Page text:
Learning and serving from a distance

James Neiss/staff photographerThe children were all smiles as their grandmother Tammy Curcione waves to staff at Harry F. Abate Elementary School after picking up breakfast and lunch for her grandchildren Ashton Taczak, 3, Ameila, 6, and Aubree, 4.

While numerous educators have been taking their lessons online, many still miss seeing their students every day.

Many teachers said the transition was difficult in the beginning but things have gotten easier since then. However, Ashley Rotella, who teaches fifth grade math and social studies at 79th Street Elementary School, said this has not been easy to talk about.

“It is hard because a classroom teacher can not be replaced. We can push material out on all kids of different forums but at the end of the day, the student-to-teacher and teacher-to-student connection is a strong component of teaching,” Rotella said. “I may be able to provide instruction via my web page, and I leave my mistakes and silly words for my kids to hear, but at the end of the day we all (teachers and students) want to be together to share in our successes and confusion.

"During this unprecedented time teachers including myself have attending multiple web training's and have worked together to try our best to provide for our students. It does not fall down to the shoulders of one educator but a team. Our district stands together to help push through tough times and come out of them shining.”

Rotella added that during this world of confusion, the students should have some consistency. She has tried to offer it by keeping lessons and materials she would do daily everyday. It took some extra work, she said, but she uses her school webpage to teach math lessons. She will do a lesson virtually and upload the video on each topic.

“One of the challenges was getting all the kids to convert to the technology,” Rotella said. “We do have some that are still without the capabilities of the technology so we do create packets for them to pick up and turn in. I guess one of the biggest challenges is not being able to see them and help them. There are always going to be students who are going to struggle, so you always want to be there to give them a pat on the back or a little extra guidelines for them to follow.”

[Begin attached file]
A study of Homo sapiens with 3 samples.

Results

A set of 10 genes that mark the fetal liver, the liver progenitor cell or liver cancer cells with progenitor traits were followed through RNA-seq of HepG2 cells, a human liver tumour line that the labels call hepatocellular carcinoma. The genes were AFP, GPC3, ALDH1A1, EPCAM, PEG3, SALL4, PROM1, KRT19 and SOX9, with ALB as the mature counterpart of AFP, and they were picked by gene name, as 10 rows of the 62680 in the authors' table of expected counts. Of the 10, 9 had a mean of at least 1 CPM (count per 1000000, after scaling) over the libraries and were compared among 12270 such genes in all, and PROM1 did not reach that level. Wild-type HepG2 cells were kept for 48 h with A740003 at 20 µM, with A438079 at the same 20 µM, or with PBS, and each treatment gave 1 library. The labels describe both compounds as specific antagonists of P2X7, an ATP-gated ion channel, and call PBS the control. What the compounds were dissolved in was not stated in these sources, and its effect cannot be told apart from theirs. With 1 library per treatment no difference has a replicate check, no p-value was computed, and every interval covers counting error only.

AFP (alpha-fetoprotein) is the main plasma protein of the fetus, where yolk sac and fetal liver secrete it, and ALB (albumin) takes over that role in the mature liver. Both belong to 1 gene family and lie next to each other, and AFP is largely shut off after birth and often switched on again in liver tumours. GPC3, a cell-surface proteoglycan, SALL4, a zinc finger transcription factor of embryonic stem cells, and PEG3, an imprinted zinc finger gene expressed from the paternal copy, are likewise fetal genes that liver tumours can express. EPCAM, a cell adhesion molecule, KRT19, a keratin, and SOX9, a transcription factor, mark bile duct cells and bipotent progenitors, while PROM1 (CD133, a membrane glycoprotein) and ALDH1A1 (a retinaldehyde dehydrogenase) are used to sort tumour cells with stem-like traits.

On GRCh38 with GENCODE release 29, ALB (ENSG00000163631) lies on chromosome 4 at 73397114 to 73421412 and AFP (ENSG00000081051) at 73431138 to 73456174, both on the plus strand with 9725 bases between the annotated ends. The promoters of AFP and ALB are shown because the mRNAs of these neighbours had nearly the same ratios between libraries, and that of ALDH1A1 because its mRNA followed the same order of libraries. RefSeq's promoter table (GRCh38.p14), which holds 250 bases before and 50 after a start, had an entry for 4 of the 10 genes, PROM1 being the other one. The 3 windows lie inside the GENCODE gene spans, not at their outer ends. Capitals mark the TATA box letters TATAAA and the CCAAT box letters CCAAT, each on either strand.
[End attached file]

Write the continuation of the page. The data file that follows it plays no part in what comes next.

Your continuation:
In a school district and a teacher in Niagara Falls, though, the platforms aren’t the same, she said most staff and students have been struggling with not being able to see their students each day. Unlike most, who had to learn to transition their lessons online, Amy Chiarella, Chair of the English Department at Niagara Falls High School had most of her work out online already. She has been doing a lot of online document sharing in the last few years with in class sessions being a face-to-face discussion or a debate forum to speak about material they were learning.

When the transition began, it wasn’t hard but the pain of not seeing students has been hard for her. Not being able to see them face to face has not been easy. She has worked to ensure students are still getting the same knowledge they’d receive from an in-class discussion.

Along with teachers, meal preparation has changed as well. Since the pandemic began, over 177,500 meals have been given out in the past 35 days. Kevin Edwards, the Food Service Administrator for the Niagara Falls City School District, does expect that number to go over 200,000 by May 8. He spoke about how the transition has been on his end.

“It’s been a lot of fun,” Edwards said. “It’s been very busy. We have every school open, but it’s been busy. Basically what we do is a hot lunch. We have stuck to our traditional pizzas which is on Thursdays. We do six days a week and on Fridays we include a double bag food for Saturdays. The only day we do not serve is Sundays. It’s actually 12 meals a week since you get breakfast too.”

For the first time during the meal program, a dinner will be done at Hyde Park Elementary School. The menu will be a garden salad, penne pasta bolognese with a garlic roll, and chocolate chip cookies. Some of the challenges he has faced are that many districts are using the same products which are harder to get. Aside from vendor issues, he has found there are issues with the volume of people reliant on this program as well.

Edwards said at Hyde Park and Harry F. Abate Elementary Schools are the two highest. He said there are around 3,000 meals a week served for students of Hyde Park, and around 2,900 for those at Abate Elementary. The third highest, he said, would be Niagara Street Elementary with 2,500 meals served weekly. There are plenty of concerns coming from staffers helping with the meal program about catching covid-19. He said parents have been quite receptive to the program.

“I’ve been with the school district for three years and I didn’t realize the need that there actually is,” Edwards said. “There’s a large need here in Niagara Falls.”

The meal programs will be continuing into the summer time as the school year winds down. Staffers throughout the School District are looking forward to seeing their students once again in the fall.